Like all beans, chickpeas, also known as garbanzo beans, are a dollar-saving source of vitamins, minerals and fiber. Although cooking these tasty, low-fat legumes in a pressure cooker is a real time-saver, dried chickpeas soaked and cooked the old-fashioned way are every bit as nutritious and delicious. With a slightly nutty flavor similar to walnuts or chestnuts, chickpeas complement appetizers, salads or hot dishes.
Place the chickpeas in a colander and rinse them thoroughly under running water. Sort carefully as you rinse, removing wrinkled, blemished chickpeas along with small pebbles and twigs.
Transfer the chickpeas to a large saucepan or kettle, then cover the pan and add enough water to cover the beans, plus about 2 inches. Soak the beans for six to eight hours or overnight.
Drain the chickpeas, then return them to the kettle. Add broth or water and bring the liquid to a boil. Use about 4 cups of liquid for each 1 cup of chickpeas.
Reduce the heat and simmer the chickpeas, with the lid slightly ajar, for 45 to 55 minutes or until they are tender.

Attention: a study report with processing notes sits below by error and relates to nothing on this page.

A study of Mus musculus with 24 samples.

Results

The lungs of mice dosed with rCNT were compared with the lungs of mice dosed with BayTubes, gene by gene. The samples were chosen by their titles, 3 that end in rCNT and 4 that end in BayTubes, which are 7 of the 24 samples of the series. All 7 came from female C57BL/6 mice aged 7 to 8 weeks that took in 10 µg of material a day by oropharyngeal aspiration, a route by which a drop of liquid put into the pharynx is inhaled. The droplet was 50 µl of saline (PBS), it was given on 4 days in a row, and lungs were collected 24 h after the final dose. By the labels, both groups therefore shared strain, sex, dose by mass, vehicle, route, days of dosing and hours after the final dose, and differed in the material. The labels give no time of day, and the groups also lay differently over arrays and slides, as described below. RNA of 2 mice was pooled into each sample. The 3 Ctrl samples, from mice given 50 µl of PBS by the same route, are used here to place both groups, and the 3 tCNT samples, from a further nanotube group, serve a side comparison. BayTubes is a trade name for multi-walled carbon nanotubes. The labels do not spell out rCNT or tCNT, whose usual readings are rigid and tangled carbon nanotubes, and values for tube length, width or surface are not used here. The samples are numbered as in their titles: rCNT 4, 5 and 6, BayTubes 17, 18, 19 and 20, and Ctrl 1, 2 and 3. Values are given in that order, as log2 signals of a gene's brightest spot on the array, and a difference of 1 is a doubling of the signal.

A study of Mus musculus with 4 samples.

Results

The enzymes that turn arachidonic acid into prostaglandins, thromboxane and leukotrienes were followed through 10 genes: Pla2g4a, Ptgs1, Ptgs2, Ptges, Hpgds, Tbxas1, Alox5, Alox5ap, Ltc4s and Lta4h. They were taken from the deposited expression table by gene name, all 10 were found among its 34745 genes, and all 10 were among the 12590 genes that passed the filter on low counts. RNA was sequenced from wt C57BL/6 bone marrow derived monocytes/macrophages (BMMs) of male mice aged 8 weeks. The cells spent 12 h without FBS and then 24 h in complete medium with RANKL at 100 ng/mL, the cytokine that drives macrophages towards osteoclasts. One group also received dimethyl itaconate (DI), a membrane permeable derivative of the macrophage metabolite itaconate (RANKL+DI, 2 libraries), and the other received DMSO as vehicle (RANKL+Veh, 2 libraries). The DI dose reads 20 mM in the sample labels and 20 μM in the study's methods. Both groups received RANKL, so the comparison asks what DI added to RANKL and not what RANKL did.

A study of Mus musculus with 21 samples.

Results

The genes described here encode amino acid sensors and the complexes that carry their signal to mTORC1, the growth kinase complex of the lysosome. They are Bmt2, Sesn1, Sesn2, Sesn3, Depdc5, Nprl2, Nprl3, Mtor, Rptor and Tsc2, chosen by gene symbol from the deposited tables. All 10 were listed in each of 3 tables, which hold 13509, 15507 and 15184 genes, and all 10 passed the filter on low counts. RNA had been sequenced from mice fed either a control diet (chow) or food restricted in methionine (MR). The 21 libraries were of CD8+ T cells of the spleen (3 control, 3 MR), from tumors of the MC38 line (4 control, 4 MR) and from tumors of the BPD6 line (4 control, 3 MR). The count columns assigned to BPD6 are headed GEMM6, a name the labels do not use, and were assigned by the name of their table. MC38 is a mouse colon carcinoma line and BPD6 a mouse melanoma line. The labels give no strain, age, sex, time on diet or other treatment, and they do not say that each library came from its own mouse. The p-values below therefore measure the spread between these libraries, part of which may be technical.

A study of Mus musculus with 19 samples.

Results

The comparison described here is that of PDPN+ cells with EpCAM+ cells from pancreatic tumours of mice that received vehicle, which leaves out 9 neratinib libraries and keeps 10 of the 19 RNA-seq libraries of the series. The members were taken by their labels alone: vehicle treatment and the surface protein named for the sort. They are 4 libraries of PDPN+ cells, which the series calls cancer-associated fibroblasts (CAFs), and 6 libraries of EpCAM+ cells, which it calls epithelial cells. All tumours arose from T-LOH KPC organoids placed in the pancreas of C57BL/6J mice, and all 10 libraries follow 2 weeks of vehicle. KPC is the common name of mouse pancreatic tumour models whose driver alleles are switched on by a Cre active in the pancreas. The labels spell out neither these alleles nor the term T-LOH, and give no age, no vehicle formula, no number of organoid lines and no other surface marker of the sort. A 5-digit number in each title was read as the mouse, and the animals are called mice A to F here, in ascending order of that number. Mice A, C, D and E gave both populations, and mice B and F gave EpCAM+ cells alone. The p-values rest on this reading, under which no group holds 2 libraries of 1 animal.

Drain the cooked chickpeas. Hold the strainer or colander over a bowl if you want to reserve the cooking liquid.
Salt the chickpeas to taste. Serve the cooked chickpeas hot, add them to recipes or store them in the refrigerator.
- Cooking Like a Pro; Editors of Williams-Sonoma
- University of Alaska Fairbanks Cooperative Extension: Cooking Dried Beans, Peas and Lentils
- Utah State University Extension: Dry Beans
- If you prefer to speed up the process, bring the water to a full boil, then lower the heat and let the chickpeas simmer for two minutes. Drain the chickpeas, then cover them with fresh water and cook.
- Soaking and cooking doubles or triples the size of beans, so 1 cup of dried chickpeas yields 2 to 3 cups of cooked chickpeas.
M.H. Dyer began her writing career as a staff writer at a community newspaper and is now a full-time commercial writer. She writes about a variety of topics, with a focus on sustainable, pesticide- and herbicide-free gardening. She is an Oregon State University Master Gardener and Master Naturalist and holds a Master of Fine Arts in creative nonfiction writing.